Parents worrying about the costs of college are always looking for evidence that the higher-education bubble may finally burst. This Wall Street Journal article highlights trends that provide some hope toward that end. College tuition is still unlikely to drop meaningfully anytime soon, but it appears that the higher-education marketplace is becoming more competitive, and unproductive providers are beginning to suffer:
According to an analysis of 20 years of freshman-enrollment data at 1,040 of the 1,052 schools listed in The Wall Street Journal/Times Higher Education ranking, U.S. not-for-profit colleges and universities are segregating into winners and losers — with winners growing and expanding and losers seeing the first signs of a death spiral.
The Journal ranking, which includes most major public and private colleges with more than 1,000 students, focused on how well a college prepares students for life after graduation. The analysis found that the closer to the bottom of the ranking a school was, the more likely its enrollment was shrinking.
Undoubtedly, some members of Congress and other government officials at the federal and state level will be under pressure to intercede on behalf of colleges that are struggling financially. They should resist. In fact, policymakers and the public should welcome the decline and even elimination of higher-education institutions that aren’t performing. Creative destruction is never pretty — it’s sad to see any business have to scale back or shut its doors — but this is the best way for customers to see an improvement in value.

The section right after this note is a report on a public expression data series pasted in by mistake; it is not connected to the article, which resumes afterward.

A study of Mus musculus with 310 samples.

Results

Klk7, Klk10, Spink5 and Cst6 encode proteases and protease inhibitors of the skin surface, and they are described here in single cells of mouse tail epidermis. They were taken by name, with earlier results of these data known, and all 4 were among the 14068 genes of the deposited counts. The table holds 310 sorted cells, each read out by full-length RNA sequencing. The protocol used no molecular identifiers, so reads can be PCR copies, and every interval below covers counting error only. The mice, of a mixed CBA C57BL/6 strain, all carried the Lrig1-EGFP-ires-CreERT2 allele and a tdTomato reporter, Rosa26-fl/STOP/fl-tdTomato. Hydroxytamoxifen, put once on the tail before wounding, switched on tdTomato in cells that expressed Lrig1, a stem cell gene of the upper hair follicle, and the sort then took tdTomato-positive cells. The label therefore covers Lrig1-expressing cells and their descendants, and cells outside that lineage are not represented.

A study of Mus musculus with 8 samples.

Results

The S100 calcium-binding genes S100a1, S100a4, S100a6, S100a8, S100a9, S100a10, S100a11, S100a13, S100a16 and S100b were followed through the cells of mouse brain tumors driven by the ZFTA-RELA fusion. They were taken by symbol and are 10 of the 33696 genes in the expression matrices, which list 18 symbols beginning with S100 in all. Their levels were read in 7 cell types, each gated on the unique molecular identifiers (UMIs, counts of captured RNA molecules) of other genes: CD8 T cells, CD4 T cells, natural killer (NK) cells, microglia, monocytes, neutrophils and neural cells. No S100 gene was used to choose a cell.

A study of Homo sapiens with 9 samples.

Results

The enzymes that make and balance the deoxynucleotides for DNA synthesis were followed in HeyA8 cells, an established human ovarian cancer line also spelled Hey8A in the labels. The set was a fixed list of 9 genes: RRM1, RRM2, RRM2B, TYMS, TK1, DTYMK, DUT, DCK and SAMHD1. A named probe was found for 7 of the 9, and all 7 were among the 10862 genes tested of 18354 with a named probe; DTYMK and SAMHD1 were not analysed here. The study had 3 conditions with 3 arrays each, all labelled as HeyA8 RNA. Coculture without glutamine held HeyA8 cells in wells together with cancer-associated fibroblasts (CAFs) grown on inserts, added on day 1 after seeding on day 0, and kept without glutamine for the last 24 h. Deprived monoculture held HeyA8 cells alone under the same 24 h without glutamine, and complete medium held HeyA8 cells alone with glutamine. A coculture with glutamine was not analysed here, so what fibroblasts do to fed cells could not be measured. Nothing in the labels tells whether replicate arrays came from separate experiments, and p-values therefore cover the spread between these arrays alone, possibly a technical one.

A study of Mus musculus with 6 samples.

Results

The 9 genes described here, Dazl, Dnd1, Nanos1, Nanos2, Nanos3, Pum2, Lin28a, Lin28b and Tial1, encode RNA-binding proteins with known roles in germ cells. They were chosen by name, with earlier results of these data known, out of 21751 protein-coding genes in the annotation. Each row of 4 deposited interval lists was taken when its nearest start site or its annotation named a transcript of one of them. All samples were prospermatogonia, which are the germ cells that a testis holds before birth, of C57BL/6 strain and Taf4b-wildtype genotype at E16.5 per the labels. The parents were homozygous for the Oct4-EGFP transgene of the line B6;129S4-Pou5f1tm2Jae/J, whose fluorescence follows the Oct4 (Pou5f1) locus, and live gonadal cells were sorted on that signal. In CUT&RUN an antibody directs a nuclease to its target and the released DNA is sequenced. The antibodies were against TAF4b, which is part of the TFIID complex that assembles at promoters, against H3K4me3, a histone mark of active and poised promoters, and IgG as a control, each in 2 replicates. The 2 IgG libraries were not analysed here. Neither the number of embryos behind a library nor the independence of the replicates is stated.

The shake out in the traditional college and university sector will accelerate as new education paradigms continue to come online and meet the needs of students, at all ages, who are looking for an education that will make them more employable. That often doesn’t requiring investing $100,000 in a traditional four-year degree. Computer-code schools and boot camps are working directly with employers to train people for jobs that are currently unfilled. Other for-profit higher-learning institutions offer similar skills-based training using a variety of instructional methods that better serve nontraditional students.
This is great news to parents and to anyone concerned about how the workforce will fare with our rapidly changing economy. The marketplace has the potential to address these needs — if we let it work.